Mobile cinema relief for Iraq

September 2009 -

What can you do when nearly all of the cinemas in the country have been destroyed by bombs and warfare, obliterating a flourishing film industry? When people can no longer go to the cinema, you bring the cinema to the people, was the reasoning that inspired Dutch-Iraqi film maker Al-Daradji in 2007. Although people laughed at the idea at the time, this summer his mobile cinema is touring Iraq to bring films to various locations.

In a country at war where nothing has happened for years after sunset for the sake of security, as dusk fell a small, outdoor cinema was erected to which all were welcomed. Al-Daradji and his team play Iraqi films until late in the evening. When the mobile cinema opened for the first time early in August, 300 people and a horde of media flocked to the site. It is now known to all: two weeks ago a mosque in a small village emptied during evening prayers when the film started rolling.

"The responses are magnificent", says Al-Daradji. "One elderly woman thanked me, in tears, for bringing back her youth. Young people have often never seen a film on a large screen. Of the two hundred and seventy-five cinemas that once existed in Iraq, only four are left. Our once-flourishing film industry was annihilated; even the students of film academies have never been to the cinema."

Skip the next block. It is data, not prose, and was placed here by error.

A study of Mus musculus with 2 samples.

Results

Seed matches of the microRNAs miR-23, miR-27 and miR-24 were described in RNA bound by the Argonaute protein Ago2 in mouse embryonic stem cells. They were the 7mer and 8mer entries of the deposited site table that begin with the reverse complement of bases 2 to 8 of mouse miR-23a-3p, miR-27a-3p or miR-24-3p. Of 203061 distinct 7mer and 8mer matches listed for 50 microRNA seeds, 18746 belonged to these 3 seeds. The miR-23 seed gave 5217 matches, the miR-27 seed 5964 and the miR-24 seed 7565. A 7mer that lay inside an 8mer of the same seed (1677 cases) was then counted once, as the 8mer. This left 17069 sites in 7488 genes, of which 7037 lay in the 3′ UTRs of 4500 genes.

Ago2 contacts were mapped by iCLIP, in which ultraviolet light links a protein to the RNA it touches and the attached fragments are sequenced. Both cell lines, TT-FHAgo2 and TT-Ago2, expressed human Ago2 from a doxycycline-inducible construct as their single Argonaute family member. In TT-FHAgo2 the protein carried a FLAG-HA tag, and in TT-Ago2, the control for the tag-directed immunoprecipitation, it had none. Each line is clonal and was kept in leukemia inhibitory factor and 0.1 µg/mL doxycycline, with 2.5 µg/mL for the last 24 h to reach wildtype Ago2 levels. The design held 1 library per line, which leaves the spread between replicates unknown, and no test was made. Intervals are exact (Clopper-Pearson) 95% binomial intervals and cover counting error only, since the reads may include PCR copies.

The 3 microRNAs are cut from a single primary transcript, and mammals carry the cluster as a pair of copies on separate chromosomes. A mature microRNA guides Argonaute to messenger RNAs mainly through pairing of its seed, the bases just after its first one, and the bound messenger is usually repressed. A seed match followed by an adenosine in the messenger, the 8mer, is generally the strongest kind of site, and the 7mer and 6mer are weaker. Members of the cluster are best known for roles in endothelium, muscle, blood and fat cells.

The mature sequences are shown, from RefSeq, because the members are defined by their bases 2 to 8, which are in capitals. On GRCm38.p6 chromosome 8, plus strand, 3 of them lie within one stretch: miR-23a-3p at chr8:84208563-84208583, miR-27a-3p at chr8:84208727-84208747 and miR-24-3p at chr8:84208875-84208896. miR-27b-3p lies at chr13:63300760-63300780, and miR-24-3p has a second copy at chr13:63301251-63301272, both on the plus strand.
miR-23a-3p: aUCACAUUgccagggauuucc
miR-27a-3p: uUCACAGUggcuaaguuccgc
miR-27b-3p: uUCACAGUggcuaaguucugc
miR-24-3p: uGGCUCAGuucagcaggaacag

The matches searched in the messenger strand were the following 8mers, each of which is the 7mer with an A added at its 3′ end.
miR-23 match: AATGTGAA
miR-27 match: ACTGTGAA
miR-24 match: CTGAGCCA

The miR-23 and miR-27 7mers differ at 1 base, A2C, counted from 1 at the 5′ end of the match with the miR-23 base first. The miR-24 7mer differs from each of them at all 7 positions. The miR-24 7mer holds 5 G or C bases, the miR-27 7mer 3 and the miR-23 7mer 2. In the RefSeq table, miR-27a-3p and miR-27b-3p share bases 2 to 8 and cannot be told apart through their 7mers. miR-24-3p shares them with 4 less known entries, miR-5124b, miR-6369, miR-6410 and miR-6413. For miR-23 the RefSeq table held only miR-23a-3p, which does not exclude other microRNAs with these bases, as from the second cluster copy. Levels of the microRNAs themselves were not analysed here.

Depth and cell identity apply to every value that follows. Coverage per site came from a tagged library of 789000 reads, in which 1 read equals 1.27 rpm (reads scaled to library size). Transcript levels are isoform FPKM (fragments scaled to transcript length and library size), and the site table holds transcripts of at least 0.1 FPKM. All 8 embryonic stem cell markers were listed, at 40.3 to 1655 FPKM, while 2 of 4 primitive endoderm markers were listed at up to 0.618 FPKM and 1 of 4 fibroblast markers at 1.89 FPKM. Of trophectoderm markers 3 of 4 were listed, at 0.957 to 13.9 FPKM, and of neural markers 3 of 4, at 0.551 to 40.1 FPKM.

Al-Daradji hopes that his project will make an impression on the government. "More attention needs to be devoted to culture. I am convinced that the cinema can have an enormous effect. It teaches you to view the world through different eyes. I came to understand other cultures through their films. All major conflicts are rooted in a lack of understanding. Films can nurture understanding and hopefully help to combat violence."

Al-Daradji also hopes Iraqis will take a more detached view of their own situation. "They are surrounded by violence and the war, but have no way to reflect upon that fact because there is no distance. All of the films we play are about Iraq and were made in the country itself. By looking at your country and the conflicts as a viewer, from the dark and at a distance, you can think more clearly about it, and perhaps arrive at a different, and more thoroughly contemplated, viewpoint." The mobile cinema will tour Iraqi through the end of September. There are vague plans to repeat the project next summer. But what Al-Daradji really hopes is that his cinema will no longer be needed by then.

The mobile cinema is supported by Hivos and DOEN Foundation.